Supreme Court of India has concluded the 38 days long hearing in the petitions challenging the constitutional validity of  Aadhaar (Targeted Delivery of Financial and Other. Subsidies, Benefits and Services) Act, 2016.  The hearing started before the Constitution Bench of CJI Dipak Misra and Justices AK Sikri,AM Khanwikar, Dy Chandrachud and Ashok Bhushn on January 17,2018.

“This has been the longest hearing before the apex court, second only to the hearing in the Kesavananda Bharti case”, remarked Attorney General K. K. Venugopal on Thursday.

The following are the excerpts from the Aadhaar final hearing as it transpired on the ultimate day-

Senior Counsel Gopal Subramanium, advancing rejoinder arguments, pressed for the Act to be struck down, for all demographic and bio metric data gathered so far to be destroyed and for compensation to be paid for starvation deaths and other injuries imputable to the denial of rightful entitlement.

When Justice Sikri quizzed him about the mechanism of deduplication and the consequent plugging of leakages in welfare schemes, he responded, “the stated purpose of the law has not been achieved…it has not been depicted that the 144 notifications issued under section 7 (of the Aadhaar Act) have secured accessibility of ‘Subsidies, Benefits and Services’ to the targeted individuals…on the contrary, there are instances if exclusion…the mere claim of a legitimate aim is not sufficient…”

When Justice Chandrachud inquired if the entitlements to which section 7 applies are in the nature of largesse or of right, the Senior Counsel replied that they are a matter of right. He proceeded to remark that contrary to the spirit of the 1983 judgement in Bandhua Mukti Morcha v. UOI, the Scheme for Rehabilitation of Bonded Labour has been made subject on Aadhaar.

Further, when Justice Chandrachud asked about the parameters that govern the decision to issue a notification under section 7, Mr. Subramanium submitted that considering the notifications are as many as 144, there is no examination of proportionality or legitimate state interests prior to issuing one to impose a condition on a Fundamental Right.

Indicating the judgment in Kalpana Mehta v. UOI, pronounced by the same five judge bench on Wednesday, ruling that placing reliance on Parliamentary Standing Committee Reports in Court Proceedings does not violate parliamentary privileges, he advanced that the year 2011 Report of the Standing Committee on Finance, expressing dissatisfaction with ‘The National Identification Authority of India Bill, 2010’, the draft Aadhaar bill, assumes even more significance.

In his turn, Senior Advocate Arvind Datar urged for, at the very least, the mandate of Aadhaar to be confined to section 7 and for a stringent examination of notifications issued thereunder; for the Aadhaar to be made optional for such categories of persons as manual labourers and the old aged; and for a provision for opting-out.

He expressed his disagreement with the claims of the efficacy of the linkage of PAN cards and bank accounts with Aadhaar under section 139AA of the Income Tax Act and the Prevention of Money Laundering Act in tackling issues of black money and terrorism, as advanced by the State.

In context of the introduction of the Aadhaar Act as a Money Bill, He cited the judgment in Kihoto Hollohan v. Zachillhu (1992), whereunder it was held, “The legal fiction in para 6(2) of the Tenth Schedule brings a proceeding under para 6(1) within the ambit of clause (1) of Article 122/212 of the Constitution, and, therefore, makes it justiciable on the ground of illegality or perversity inspite of the immunity it enjoys to a challenge on the ground of ‘irregularity of procedure’”.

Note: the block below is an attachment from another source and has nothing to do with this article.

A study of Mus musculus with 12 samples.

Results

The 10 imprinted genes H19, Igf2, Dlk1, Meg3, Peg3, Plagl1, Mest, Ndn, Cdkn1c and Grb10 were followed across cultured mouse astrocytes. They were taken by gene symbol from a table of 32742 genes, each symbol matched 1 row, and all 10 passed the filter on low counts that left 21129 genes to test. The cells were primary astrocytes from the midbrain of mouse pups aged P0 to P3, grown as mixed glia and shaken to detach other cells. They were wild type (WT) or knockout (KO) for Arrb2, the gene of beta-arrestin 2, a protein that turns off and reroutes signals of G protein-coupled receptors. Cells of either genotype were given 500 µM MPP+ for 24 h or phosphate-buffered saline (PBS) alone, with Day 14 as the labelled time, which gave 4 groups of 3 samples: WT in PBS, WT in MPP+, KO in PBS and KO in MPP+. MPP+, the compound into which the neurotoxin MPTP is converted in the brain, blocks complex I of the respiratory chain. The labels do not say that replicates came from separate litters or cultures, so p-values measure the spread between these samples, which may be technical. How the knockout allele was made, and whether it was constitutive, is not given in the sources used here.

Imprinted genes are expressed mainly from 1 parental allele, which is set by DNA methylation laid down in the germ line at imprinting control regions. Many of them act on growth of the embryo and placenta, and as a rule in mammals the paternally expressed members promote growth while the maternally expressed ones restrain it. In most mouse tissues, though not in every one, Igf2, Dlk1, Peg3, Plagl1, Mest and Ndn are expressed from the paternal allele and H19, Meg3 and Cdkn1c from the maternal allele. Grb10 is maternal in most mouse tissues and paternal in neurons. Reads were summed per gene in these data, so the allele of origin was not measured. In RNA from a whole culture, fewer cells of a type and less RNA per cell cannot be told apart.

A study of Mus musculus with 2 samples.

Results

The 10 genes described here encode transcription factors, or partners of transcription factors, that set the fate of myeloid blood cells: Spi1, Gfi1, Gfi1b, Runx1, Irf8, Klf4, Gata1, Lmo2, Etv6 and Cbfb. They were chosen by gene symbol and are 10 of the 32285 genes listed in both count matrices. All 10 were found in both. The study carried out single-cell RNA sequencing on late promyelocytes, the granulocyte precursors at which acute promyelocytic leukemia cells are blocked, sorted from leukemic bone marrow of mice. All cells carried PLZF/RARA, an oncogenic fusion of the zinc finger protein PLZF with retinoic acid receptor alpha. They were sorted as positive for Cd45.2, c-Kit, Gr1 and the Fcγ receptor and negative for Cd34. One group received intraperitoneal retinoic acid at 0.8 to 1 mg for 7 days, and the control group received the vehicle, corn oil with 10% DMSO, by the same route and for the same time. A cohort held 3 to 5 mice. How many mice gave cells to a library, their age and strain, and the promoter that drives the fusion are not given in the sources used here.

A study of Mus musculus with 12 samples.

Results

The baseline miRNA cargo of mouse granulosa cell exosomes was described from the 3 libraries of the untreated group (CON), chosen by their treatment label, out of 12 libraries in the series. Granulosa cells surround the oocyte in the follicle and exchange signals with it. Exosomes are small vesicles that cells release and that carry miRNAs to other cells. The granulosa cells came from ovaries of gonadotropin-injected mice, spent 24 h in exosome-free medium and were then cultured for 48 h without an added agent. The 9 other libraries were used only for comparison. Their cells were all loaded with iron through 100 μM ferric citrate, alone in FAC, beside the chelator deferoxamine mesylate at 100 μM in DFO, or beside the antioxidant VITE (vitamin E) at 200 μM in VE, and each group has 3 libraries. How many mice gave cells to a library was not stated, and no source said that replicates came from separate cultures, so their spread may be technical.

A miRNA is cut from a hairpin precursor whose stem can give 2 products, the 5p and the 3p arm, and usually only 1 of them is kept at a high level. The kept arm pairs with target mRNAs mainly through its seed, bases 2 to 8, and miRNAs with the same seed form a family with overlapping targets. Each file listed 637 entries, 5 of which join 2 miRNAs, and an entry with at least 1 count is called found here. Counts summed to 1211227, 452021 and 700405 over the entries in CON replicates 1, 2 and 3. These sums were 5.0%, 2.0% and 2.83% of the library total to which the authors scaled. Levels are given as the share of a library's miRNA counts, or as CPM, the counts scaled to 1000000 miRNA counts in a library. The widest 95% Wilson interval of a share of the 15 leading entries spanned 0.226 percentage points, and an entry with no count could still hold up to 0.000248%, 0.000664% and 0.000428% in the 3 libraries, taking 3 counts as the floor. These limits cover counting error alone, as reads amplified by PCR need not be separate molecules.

Paragraph 6 of the Tenth Schedule deals with the power of the Speaker or the Chairman, as the case may be, to decide on the disputed disqualification of a member of the Parliament.

Advancing that Aadhaar Act could at best be a financial bill, he suggested that the judgment in Mohd. Saeed Siddiqui v. State of UP (2014), wherein the apex court rejected the challenge that the UP Lokayukta and Up-Lokayukta (Amendment) Act of 2012 was wrongly introduced as a Money Bill in clear disregard to the provisions of Article 199 of the Constitution, holding that the Speaker’s decision is final, as well as the judgment in Yogendra Kumar Jaiswal (2015) may be overruled.

Building on the argument against the Aadhaar Act being a Money Bill, Senior Counsel P. Chidambaram disputed the interpretation accorded by the AG to the term “only” as used in Article 110(1). The AG had sought to submit that clause (1) of the Article intends the matters mentioned in its sub-clauses (a) to (g) to only be contained in a Money Bill.

He submitted that sub-clause (g) must be interpreted strictly and that the State has not depicted how such provisions as sections 54(2)(m) and 57 are related to the matters in sub-clauses (a) to (g).

He also advanced that The exclusion of the role of the Rajya Sabha and the President, as envisaged under Article 111, cannot ameliorated be applying the doctrine of severability.

The submissions of Senior Counsel K. V. Vishwanathan were centred on contesting the Respondents’ arguments on five counts – first, the Respondent’s invocation of the “reasonable expectation of privacy” test to argue that there is no infringement at all is incorrect; second, the “balancing” metaphor is not the correct standard for adjudging rights’ violations; third, the State has failed to discharge its burden of proving the additional benefits of alleged subsidy savings; fourth, instead of ensuring inclusion, Aadhaar is inherently exclusionary and creates an undue burden upon the exercise of Art. 21 rights; and fifth even on “balance”, section 7 is unconstitutional.

Finally, Senior Advocate P. V. Surendranath advanced submissions on excessive delegation under the Aadhaar Act.